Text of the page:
Marching On Together

Marching On Together I have had a romance with a lady since my childhood just like thousands of other people around the world who are also in love with her. I have remained in love with her through the many bad times and the few good times, my love for her has never faltered and never will. My lady's name is Leeds United and she is just five games away from returning to the English Football Premiership, after sixteen years in the football wilderness. In the sixties, seventies and early nineties my lady was known as "Super Leeds," however in 2003, my love was relegated from the English Football Premiership due to financial miss-handling by her owners. "Super Leeds," dropped down to the third tier of English football. If Leeds United can grab ten points from their last five games my lady will be back where she belongs in the higher echelons of English football and I can once more embrace my love with happiness.

Leeds 5 v 0 Stoke, 7 points needed from 4 games... Swansea City 0 v 1 Leeds United, 4 points needed from 3 games...

Thursday, 16 March 2017

' Millions' of dead shellfish wash ashore on Waihi Beach New Zealand thought to be victims of the 'weather bomb' from last week

Most of the dead shellfish which washed ashore at Waihi Beach this week have now been removed. Local residents were shocked when they encountered "millions" of dead shellfish washed ashore on the northern end of Waihi Beach on Tuesday.
Jeanette McCallum believed they were pipi and posted a video of the finding online, sparking thousands of views and hundreds of comments.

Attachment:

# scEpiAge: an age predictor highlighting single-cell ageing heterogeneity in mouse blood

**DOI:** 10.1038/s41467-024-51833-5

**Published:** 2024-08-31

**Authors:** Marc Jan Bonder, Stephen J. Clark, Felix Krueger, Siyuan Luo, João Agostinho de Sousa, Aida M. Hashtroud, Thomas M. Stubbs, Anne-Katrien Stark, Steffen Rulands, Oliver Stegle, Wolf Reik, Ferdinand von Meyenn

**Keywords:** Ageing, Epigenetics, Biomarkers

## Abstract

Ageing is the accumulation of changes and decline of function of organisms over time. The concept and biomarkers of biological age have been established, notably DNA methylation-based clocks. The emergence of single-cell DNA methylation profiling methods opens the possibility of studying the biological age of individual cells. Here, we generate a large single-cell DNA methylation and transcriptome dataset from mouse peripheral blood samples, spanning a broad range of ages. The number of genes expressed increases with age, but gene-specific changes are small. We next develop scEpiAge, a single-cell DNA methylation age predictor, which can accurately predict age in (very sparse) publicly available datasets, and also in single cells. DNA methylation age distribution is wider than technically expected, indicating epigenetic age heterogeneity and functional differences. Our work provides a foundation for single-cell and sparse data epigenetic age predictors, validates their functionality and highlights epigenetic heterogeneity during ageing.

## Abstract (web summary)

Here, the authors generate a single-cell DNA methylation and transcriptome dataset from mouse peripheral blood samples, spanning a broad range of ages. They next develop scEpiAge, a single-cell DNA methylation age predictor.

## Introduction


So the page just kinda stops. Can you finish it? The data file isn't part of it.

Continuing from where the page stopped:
She said today that most of the shellfish had already been washed away now but they had begun to smell "horrible" while they were there.
"It's amazing how the ocean manages to clean itself," she said.
A Ministry of Primary Industries said it was in discussions with the Bay of Plenty Regional Council about the incident but the cause of the mass death was unlikely to be known before next week.
She said the council had collected samples and couriered them to the ministry for disease testing, which was standard practice in mortality events such as this.
"It is important to rule out any disease cause," the spokeswoman said.
The samples were expected to arrive today and the ministry planned to run tests on them tomorrow, and will likely conduct testing on further samples early next week, she said.
"At this stage it is considered that flooding with freshwater is the most likely cause of the event.
This is not uncommon with flood conditions."
The spokeswoman also confirmed the affected shellfish were actually tuatua, not pipi.
"In terms of eating the affected shellfish, MPI recommends people leave them alone.
Standard health safety advice regarding shellfish is that you do not consume obviously sick or dead animals."
In a statement released this afternoon, the Bay of Plenty Regional Council said staff from the council and the University of Waikato will be analysing the shellfish for toxins.
Professor Chris Battershill, chairman in coastal science, said it was likely a number of factors contributed to the die-off. "
Apart from the weather bomb that hit the area last week, higher ocean temperatures are being recorded in this area and there have been some large sea swells," he said.
"It is also possible that this is a natural die-off due to stress from overcrowding as there is a very large population of shellfish densely packed just off the beach in this area."
Despite the huge amount of shellfish that died, Prof Battershill said there were many live shellfish within the wave zone.
The council expected to have some results within 3-4 weeks.